Fieldturf at Orrville: A Visualization

If you've read this site for any length of time, you've seen my list of Northeast Ohio field turf stadiums....but what would a turf field look like in Orrville?  Here's a humble submission.  Again, it's just as doubtful as the Smitty Fieldhouse that I posted here a while ago, but, as before, we can dream can't we?

Again, this is all in fun, and just for discussion.  That being about we throw a few extra mils on the levy and get this done?  LOL.

Check it out.  (click picture for larger version)

How awesome would that be?

I kept it simple with the midfield "O."  You could use the Rider horse logo, or this one, which I think is a sharp look. 

Nice right?  Now what about those endzones?  Here's what black and white endzones would look like.  I wouldn't use separate colors for each endzone (should be obvious), just illustrating both options in 1 picture.

I actually don't mind either.  I like the red better though.  I'd imagine any color in the endzone would increase the total cost of the project, so maybe just leave it green with red lettering.

Why it won't happen
The up-front cost is prohibitive to most public schools, and with good reason.  Basic turf setups start at around $500,000, and that's for a barebones package. 

Here's a timelapse video of a complete, start-to-finish install.

Quite a process.

Back to the cost....that's a hefty price tag that typically falls on the shoulders of private fundraising, and after undertaking a $1 million+ fundraising effort on the multi-purpose facility, and an all-weather track that is near or at the end of it's lifecycle, field turf is unfortunately far down the list.

What's interesting is that most of the local schools that have turf are either private schools (CCC, Hoban, St. V), or have some sort of cooperative arrangement (Canton Fawcett & the NFL, and Ashland High with Ashland U.) that helps defray the cost.

Orrville is neither a private school nor do they have a cooperative agreement (other than Smuckers, I guess), so it becomes very tough to raise the kind of funds needed.  Not saying it's impossible or even unlikely, just tougher.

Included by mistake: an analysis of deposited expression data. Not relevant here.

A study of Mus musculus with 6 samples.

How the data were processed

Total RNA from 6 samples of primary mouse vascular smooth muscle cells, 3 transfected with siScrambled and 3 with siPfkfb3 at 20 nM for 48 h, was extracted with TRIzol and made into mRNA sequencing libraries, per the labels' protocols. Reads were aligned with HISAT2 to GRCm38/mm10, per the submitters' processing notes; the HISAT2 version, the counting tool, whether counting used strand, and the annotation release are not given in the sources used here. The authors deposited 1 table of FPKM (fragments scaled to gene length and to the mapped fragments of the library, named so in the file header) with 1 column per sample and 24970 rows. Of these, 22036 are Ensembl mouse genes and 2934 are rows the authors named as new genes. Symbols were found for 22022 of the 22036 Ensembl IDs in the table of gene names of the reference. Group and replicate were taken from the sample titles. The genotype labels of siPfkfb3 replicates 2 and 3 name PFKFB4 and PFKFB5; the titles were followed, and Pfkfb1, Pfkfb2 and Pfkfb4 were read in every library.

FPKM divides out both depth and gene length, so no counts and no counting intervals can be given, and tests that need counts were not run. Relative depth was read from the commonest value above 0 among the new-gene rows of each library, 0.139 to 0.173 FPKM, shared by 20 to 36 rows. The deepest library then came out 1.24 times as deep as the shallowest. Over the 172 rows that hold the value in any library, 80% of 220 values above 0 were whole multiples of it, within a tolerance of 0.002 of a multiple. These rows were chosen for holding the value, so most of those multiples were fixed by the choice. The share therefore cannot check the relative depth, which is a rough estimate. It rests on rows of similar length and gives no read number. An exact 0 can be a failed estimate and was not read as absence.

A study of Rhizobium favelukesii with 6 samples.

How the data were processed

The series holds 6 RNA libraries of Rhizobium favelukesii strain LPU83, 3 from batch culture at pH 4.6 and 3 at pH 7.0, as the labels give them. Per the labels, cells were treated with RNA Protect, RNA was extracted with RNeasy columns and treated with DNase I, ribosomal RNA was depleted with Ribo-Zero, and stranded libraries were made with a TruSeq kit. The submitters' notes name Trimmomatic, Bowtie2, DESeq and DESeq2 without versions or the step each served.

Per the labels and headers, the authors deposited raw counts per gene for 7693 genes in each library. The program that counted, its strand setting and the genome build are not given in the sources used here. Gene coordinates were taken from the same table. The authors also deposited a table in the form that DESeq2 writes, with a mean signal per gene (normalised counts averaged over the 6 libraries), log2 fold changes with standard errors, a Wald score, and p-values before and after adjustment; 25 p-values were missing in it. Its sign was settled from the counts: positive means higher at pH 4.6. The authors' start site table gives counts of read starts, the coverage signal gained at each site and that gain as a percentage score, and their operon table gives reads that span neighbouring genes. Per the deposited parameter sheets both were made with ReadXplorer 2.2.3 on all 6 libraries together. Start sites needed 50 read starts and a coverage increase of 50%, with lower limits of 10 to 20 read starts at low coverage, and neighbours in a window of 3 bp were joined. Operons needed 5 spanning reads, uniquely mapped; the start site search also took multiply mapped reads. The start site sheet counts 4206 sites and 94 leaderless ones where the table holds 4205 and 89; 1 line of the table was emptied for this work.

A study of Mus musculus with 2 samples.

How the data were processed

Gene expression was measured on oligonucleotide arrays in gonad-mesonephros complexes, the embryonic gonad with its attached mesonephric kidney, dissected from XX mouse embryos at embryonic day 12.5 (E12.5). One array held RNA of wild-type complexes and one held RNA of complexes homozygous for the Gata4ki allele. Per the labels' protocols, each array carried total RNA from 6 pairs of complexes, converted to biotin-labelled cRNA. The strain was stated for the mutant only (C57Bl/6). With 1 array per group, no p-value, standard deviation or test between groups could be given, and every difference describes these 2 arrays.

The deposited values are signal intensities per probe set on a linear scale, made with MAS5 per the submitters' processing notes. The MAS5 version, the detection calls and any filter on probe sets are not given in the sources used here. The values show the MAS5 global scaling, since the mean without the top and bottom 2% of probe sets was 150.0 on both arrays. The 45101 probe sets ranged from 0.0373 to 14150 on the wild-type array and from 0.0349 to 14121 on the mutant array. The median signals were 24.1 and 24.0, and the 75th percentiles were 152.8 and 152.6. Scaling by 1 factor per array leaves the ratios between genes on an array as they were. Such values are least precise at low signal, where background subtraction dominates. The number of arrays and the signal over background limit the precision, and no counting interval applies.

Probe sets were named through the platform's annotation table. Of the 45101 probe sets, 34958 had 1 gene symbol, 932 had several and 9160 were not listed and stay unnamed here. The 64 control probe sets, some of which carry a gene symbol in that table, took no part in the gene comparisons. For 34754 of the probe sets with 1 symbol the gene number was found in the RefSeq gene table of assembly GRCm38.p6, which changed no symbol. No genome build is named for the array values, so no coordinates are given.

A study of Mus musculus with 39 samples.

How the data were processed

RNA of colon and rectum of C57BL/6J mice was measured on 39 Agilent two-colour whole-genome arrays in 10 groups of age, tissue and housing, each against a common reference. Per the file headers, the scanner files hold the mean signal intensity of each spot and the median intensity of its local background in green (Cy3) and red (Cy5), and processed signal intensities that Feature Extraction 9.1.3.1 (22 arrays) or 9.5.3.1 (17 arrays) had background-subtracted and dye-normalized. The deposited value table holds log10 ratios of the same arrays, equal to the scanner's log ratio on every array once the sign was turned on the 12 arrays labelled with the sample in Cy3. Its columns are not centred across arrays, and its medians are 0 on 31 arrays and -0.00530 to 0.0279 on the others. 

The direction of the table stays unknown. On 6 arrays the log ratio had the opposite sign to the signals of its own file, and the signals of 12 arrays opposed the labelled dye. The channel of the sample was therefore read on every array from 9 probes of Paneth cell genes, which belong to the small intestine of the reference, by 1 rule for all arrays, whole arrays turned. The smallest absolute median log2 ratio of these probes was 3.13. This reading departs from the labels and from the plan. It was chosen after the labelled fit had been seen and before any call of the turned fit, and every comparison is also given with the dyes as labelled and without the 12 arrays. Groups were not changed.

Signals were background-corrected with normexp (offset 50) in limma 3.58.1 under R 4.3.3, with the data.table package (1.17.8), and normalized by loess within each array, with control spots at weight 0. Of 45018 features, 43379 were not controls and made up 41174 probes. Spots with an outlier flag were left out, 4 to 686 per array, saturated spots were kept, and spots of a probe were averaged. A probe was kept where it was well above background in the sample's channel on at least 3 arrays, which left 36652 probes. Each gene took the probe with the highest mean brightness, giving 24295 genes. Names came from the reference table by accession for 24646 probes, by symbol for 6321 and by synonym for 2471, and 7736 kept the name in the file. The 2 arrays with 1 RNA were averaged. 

But an increasing number of public schools are undertaking fundraising efforts for turf and other stadium improvements, but they seem to be concentrated moreso in affluent communities (Copley, Green, Revere as of late) or communities that have several high schools sharing the facility (Mentor, Parma, etc.).  Those schools are also in larger communities than Orrville, and therefore serve more students.  Is it even viable in Orrville.  A town of 8000 school with maybe 500 students in the high school.  Is it too tough to even try to justify.

Why it should happen
Saved time & money in field maintenance/painting, no more watering, no more muddy fields after a season of freshmand, JV, varsity and middle school games. There's also the potential of hosting playoff games...another potential revenue producer. You could also hold Boys & Girls Club games there too. What a thrill that would be for the little kids.

Practice could also be held on the main field now, as well as band practices, soccer games and anything else you can think of.  All of that could be done without worry that damage is being done to the field, as is the current case with natural grass.

Back to the Orrville example.

Now of course, the field is missing the obligatory yellow soccer lines.  I'd imgine that any field turf at Orrville would include the soccer lines to justify the multi-use aspect of the facility.

Also, I avoided placing an OCC logo on the field.  Never know when another conference change would take place.

So what do you think?  Question to this a need or a want?  With a centralized campus close to reality, is this something that could be sold to the community like the multi-purpose building.....a facility to serve all students in the district and the community.

To me, this is the final piece of the puzzle.  Centralized campus (basically 3 new school buildings), multi-purpose facility, new baseball field, renovated softball park and a field turf stadium with bleachers less than 5 years old.  Orrville immediately becomes the nicest collection of facilities in the county, and I'd put it up against anyone in the Northeast Ohio area.

Let's hear from you.

Original image courtesy of Mike over at 


Andrew said...

This would be a wonderful accomplishment for a wonderful sports program at Orrville. The one thing that comes to mind for me is Orrville's ability, then, to host playoff football games. The Wayne County area is already short on playoff-capable fields, and Orrville would for sure get some business there, in my opinion.

Anonymous said...

I may be a little old school but being an ex-Orrville football player, my favorites memories were the muddy games played in the rain and having a turf field would take that away.

Red Rider Sports Blog (Tim Snyder) said...

I can see that line of thinking. It's definately something that would be missed. I think the risk of injury is a higher in the mud...mud can grab more than turf....of course, there's a risk for injury any way you slice it.

Some of our most recent mud bowls with Wooster were certainly memorable, but I think it cheats the kids and the fans. Neither team can play at a high level in the mud.